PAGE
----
Disability and Special Needs Resources, Information and Useful Links
National & State Directories & Links have been provided for information purposes only. It is important to conduct your own research of any individual, organization, product or service included in Special Needs Stop Resource Directory or on our Tips & Advice Page. The listing of an individual or organization on this site is not intended as an endorsement of that individual or organization or any products or services they may offer.
Directories of special Needs and Disability Resources
Helpful Information and Links Based on Need
I recently learned that ADHD has a much bigger impact on our society than I ever realized. I’m not surprised that over 6 % of children are currently being treated for the cognitive disorder, because many of my friends have children with ADHD. But I had no idea that there are about 5 % of adults living with this condition as well! While ADHD often presents challenges to those living with the disorder in many facets of life, there are more resources than ever that present valuable insight and information on the condition. That’s why my team and I decided to put together a list that covers a range of topics on which people often have questions.
As the parent of a child living with ADHD, I’m well aware of the challenges parents and children face when dealing with this type of health issue. And while I am grateful for the resources I have found, I know many people don’t have the time or ability to get the vital information they need to help parent a child with ADHD. As a blogger and a mother, I am doing my part to share as much information as possible.
- Remain calm.
- Ease the person to the floor and turn them gently to one side.
- Stay with the person until the seizure is over.
- Keep others away from the person. Give them some room
- Make sure the person is breathing - taking breaths in and out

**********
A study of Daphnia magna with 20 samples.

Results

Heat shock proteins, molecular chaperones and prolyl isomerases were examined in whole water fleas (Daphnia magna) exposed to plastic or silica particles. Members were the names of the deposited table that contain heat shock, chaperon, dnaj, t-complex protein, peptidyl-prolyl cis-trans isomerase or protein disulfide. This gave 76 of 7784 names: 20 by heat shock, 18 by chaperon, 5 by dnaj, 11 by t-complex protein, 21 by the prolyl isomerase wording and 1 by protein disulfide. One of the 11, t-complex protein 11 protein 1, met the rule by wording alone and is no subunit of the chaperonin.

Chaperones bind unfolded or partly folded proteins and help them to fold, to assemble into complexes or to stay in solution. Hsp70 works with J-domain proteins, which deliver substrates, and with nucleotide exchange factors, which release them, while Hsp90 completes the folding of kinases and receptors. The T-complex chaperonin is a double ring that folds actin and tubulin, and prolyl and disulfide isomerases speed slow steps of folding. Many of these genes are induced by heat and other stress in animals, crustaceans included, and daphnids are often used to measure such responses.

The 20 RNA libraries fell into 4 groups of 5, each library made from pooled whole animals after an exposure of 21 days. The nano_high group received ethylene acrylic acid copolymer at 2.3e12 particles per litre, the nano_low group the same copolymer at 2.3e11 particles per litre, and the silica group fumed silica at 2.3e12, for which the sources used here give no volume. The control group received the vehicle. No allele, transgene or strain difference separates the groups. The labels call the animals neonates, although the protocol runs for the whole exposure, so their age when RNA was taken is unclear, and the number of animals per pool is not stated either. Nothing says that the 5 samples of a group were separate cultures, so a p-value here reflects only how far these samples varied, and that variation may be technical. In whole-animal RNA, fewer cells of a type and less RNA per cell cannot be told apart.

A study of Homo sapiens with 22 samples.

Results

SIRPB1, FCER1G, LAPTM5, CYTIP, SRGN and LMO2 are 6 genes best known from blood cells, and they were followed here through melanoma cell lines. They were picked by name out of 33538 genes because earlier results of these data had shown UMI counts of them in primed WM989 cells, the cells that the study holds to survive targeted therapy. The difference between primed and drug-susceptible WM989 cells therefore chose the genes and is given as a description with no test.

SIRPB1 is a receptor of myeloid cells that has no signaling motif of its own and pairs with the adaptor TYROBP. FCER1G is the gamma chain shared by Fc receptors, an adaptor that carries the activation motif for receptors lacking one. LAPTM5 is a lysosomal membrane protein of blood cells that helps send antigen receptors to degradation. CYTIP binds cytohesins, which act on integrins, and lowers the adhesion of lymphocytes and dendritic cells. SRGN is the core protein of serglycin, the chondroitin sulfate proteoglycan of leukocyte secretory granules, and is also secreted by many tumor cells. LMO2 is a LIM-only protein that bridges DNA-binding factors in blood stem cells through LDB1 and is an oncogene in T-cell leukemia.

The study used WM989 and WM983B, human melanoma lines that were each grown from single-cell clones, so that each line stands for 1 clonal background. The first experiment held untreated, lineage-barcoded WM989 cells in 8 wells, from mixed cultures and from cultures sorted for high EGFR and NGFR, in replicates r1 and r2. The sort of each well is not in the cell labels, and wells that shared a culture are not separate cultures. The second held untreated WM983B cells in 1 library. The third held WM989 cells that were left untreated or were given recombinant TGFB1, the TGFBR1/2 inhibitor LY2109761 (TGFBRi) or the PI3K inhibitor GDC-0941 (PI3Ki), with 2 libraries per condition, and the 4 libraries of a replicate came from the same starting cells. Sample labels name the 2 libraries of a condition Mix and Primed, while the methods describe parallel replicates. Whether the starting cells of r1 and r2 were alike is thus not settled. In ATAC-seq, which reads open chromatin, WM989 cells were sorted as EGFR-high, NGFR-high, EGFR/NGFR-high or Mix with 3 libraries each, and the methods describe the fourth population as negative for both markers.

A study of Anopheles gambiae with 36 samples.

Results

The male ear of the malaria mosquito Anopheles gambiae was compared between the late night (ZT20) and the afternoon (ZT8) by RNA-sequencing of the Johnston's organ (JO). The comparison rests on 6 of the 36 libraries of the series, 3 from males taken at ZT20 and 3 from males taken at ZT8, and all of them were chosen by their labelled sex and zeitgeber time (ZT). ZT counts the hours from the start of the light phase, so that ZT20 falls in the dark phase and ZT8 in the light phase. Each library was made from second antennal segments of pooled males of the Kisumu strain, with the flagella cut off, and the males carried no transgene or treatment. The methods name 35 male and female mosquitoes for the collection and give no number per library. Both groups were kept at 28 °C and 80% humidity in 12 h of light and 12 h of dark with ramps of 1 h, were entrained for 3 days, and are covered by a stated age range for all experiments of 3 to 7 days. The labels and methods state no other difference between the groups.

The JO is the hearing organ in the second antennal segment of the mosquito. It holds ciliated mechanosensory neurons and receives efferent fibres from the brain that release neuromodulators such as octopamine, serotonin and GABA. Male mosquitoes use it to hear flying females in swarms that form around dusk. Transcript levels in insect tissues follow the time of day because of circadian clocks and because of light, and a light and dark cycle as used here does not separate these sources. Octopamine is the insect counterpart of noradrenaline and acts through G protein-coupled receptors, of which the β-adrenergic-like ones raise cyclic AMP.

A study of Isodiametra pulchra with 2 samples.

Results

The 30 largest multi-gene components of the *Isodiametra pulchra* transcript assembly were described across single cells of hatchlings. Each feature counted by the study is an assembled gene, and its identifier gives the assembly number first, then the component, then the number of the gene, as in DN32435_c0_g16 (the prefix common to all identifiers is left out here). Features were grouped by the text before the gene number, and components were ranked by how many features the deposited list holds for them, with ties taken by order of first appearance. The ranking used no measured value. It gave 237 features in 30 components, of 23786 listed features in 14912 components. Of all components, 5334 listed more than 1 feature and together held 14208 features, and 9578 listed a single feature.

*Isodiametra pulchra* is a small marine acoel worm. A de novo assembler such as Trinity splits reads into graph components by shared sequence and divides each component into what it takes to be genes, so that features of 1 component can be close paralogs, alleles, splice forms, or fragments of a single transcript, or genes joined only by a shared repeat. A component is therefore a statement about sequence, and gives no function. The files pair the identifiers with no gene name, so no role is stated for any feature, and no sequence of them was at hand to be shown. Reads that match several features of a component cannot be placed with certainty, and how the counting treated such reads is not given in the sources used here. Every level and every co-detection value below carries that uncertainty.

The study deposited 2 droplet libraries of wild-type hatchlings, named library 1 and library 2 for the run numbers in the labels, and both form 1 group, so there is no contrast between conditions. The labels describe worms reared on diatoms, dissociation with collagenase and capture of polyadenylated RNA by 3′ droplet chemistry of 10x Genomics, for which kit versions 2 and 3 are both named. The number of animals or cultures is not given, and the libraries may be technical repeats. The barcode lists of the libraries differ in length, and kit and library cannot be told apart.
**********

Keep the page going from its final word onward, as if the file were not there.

- Time the seizure. How long did it last?
- Describe the seizure. Is the person shaking, staring blankly, and/or taking breaths?
- Move furniture, breakable, and/or sharp objects away from the person.
- Never restrain or “hold” a person down during a seizure.
- Do not put anything in their mouth
- Do not have them “bite” down on an object
- Do not try to give water, food or medications during a seizure
- Know when to call 911
- Call 911 if:
- The person has never had a seizure before.
- Has difficulty breathing or fully awakening after a seizure.
- The person has another seizure soon after the first one.
- The person gets hurt during the seizure.
- The seizure happens in water.
- The person is pregnant, or has a health condition like diabetes or heart disease.
- The seizure last longer than five (5) minutes or as ordered by the doctor.
America is one beautiful melting pot, yet it seems that certain groups are almost always overlooked. The Deaf and Hard of Hearing community is particularly marginalized, and in fact, the U.S. Census Bureau hasn’t conducted an official count of the population since 1930. Yes, you read that correctly. And no, it’s not OK. As I make personal efforts to broaden Deaf and Hard of Hearing outreach in my own neck of the woods, I thought I’d try reaching out to your audience, too.
The following guide aims to help make the federal grants available to seniors, veterans, and people with cognitive and physical disabilities much easier to understand and take advantage of, particularly for remodeling homes for accessibility.
While the world continues to do a better job of acknowledging the needs of those who are disabled, accessibility continues to be an obstacle. Just because someone is physically challenged doesn’t mean they should have fewer resources. In fact, they should have more! In my own research, I have found a wealth of information that I think needs to be shared with others. Let’s help eliminate the needle-in-the-haystack situation and put this information out front and center.
Tips for Returning to School nformation Provided by Special Needs Stop
- Discuss the daily routine with everyone involved
- Take a tour of the school/program
- Meet the teacher prior to the first day
- Visit the classroom and show your child where he/she will be seated
- Discuss transportation routine with your child
- Plan a road trip to the school and explain how and when the child will arrive at school and home
- Provide key information about likes and dislike to the teacher
- Plan a follow up visit within a week to ensure appropriate changes have been met
- Most importantly ask questions and hold those responsible for the development and well being of your child accountable for a successful school year.